Infected Blood Inquiry: former Treloar's pupil to sue school
The claimant was infected with HIV and HCV following treatment for haemophilia at the school in the 1970s and 1980s
A former pupil of Treloar’s school in Hampshire has launched legal action against the school following new evidence recently heard at the Infected Blood Inquiry.
Gary Webster, now 56, claims he suffered loss and damage as a result of negligence and breach of duty in the treatment he received at Treloar’s for haemophilia in the 1970s and 1980s, which caused him to be infected by HIV and HCV and suffer life-long physical and mental health consequences.
In June 2021, the Infected Blood Inquiry heard from former pupils who, as boarders, were treated with factor 8 concentrate on a prophylactic basis without parental consent or advice on the risks involved.
Factor 8 was created from pooled plasma from up to 60,000 donors and imported from commercial entities overseas, yet crucially was not heat treated, which would have diminished the risk of contamination from then incurable viruses such as HIV and Hepatitis.
Collins Solicitors has been instructed to act for Mr Webster and has sent a letter before action to the school’s governors. Des Collins, senior partner at Collins Solicitors, commented: “It will be our client’s case that the treatment he received at Treloar’s was negligent and amounted to breach of duty of care.
“There was a total failure to inform and obtain consent on the risks associated with the blood products administered and a deplorable dereliction of duty in the handling of his subsequent diagnosis and after-care, despite Gary effectively being given a death sentence”.
Collins explained that normally the time-limit for personal injury claims is three years after a child’s 18th birthday. However, he said: “… it is our position that this should not apply here given the extraordinary evidence heard – for the first time after all these years – at the Infected Blood Inquiry in June. Relevant testimonies include those by Treloar’s former headmaster, house master, care staff and clinicians in the hospital attached to the school”.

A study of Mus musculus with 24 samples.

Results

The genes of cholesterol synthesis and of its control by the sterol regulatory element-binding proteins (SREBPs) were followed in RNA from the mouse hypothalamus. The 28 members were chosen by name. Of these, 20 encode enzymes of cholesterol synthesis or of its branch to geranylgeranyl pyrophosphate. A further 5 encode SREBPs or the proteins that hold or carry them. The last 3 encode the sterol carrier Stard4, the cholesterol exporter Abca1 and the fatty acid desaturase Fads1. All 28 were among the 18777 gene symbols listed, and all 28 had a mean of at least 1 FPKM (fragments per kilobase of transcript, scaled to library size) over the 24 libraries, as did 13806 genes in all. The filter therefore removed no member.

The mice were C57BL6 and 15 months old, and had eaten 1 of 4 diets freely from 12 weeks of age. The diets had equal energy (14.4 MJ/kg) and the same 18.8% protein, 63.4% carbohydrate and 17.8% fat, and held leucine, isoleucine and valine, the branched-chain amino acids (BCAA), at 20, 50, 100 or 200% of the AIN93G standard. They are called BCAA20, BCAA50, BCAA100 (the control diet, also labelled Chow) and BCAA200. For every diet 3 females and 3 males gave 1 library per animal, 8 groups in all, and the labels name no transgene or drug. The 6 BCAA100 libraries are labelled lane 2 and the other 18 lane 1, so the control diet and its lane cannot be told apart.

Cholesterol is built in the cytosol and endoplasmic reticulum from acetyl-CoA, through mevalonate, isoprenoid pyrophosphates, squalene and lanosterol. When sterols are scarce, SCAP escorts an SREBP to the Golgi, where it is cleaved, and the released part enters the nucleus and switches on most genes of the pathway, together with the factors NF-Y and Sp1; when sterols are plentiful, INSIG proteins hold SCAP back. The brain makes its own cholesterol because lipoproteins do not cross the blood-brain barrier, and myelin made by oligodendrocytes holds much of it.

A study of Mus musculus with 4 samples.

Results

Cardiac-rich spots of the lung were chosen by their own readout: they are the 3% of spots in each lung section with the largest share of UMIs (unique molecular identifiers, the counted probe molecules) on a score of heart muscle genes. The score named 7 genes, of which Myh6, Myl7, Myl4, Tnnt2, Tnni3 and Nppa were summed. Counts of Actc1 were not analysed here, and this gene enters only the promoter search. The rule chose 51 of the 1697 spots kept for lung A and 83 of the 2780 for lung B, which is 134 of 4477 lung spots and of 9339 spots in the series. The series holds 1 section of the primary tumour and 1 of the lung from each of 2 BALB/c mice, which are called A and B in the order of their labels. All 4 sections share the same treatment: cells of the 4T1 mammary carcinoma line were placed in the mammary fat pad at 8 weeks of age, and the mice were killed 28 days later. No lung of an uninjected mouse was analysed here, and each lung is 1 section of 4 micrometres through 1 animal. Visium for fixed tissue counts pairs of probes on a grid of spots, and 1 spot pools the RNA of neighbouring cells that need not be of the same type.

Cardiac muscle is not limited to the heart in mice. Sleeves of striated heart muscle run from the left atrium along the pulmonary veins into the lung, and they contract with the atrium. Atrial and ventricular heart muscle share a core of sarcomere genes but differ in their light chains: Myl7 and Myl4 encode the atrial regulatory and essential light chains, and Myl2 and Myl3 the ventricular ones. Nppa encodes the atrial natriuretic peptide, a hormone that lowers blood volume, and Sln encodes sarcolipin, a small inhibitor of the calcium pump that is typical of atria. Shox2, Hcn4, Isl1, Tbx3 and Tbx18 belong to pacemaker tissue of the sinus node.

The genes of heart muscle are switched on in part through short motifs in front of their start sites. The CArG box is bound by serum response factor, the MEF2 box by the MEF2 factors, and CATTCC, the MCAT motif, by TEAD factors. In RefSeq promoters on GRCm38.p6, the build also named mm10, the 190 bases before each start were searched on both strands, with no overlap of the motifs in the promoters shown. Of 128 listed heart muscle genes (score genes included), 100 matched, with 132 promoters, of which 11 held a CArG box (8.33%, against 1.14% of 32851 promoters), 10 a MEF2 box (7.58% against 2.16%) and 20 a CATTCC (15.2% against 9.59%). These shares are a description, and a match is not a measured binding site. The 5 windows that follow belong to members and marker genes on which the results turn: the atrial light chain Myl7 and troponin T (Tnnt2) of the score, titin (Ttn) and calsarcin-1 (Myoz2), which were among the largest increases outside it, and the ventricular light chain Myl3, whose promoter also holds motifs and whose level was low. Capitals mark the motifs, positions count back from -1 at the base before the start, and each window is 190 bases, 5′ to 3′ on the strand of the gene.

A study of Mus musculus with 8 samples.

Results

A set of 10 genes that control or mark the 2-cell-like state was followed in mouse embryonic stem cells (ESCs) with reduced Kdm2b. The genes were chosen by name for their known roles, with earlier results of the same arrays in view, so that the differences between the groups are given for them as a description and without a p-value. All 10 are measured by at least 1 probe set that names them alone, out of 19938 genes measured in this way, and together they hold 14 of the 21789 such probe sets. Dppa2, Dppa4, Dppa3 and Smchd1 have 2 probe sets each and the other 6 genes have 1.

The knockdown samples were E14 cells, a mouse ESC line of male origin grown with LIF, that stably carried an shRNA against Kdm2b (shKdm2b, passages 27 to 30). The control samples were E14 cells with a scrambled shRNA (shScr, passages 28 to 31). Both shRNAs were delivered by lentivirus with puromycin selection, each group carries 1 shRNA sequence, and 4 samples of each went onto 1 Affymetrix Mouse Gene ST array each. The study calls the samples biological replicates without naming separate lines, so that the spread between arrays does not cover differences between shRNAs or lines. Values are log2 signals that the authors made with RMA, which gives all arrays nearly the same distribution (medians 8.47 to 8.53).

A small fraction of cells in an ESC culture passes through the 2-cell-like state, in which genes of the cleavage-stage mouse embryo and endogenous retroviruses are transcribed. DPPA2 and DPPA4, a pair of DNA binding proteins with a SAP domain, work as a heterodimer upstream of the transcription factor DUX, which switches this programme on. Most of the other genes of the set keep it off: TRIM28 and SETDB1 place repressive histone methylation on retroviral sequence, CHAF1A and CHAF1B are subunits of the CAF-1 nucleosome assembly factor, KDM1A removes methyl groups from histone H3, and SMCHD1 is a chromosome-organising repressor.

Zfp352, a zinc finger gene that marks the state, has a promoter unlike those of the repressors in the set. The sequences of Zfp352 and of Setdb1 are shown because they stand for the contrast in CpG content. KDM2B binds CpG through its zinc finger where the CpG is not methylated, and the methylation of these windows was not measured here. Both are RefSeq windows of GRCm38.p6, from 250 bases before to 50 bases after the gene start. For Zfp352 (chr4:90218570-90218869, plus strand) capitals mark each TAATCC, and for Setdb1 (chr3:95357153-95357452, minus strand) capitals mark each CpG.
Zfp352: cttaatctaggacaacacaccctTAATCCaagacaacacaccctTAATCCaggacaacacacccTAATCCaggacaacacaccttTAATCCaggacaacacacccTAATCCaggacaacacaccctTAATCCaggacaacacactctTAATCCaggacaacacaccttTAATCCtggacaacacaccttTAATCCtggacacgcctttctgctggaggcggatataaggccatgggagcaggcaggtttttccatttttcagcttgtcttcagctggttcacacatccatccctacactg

He added: “We recognise Treloar’s School does great work with disabled pupils today and that some former pupils have fond memories of the time they spent at the school they regarded as home for much of their childhood.
“However, the fact remains that in the past the school as a collective body ruined the lives of a substantial cohort of haemophilia sufferers. Sadly, many are no longer with us to be able to evidence the appalling negligence and abrogation of responsibility that took place.
“No amount of money can ever make up for a life spent on borrowed time, enduring disease that was preventable and the associated social stigma, but recompense might go some way towards easing my client’s daily struggle and provide recognition of the injury he is so deservedly owed.”
Treloar’s, or its representatives, have 21 days to respond to Collins’ correspondence.
Collins Solicitors said it is also in talks with other affected former pupils regarding a potential group action. The firm currently represents around 1500 victims and family members affected by the infected blood scandal.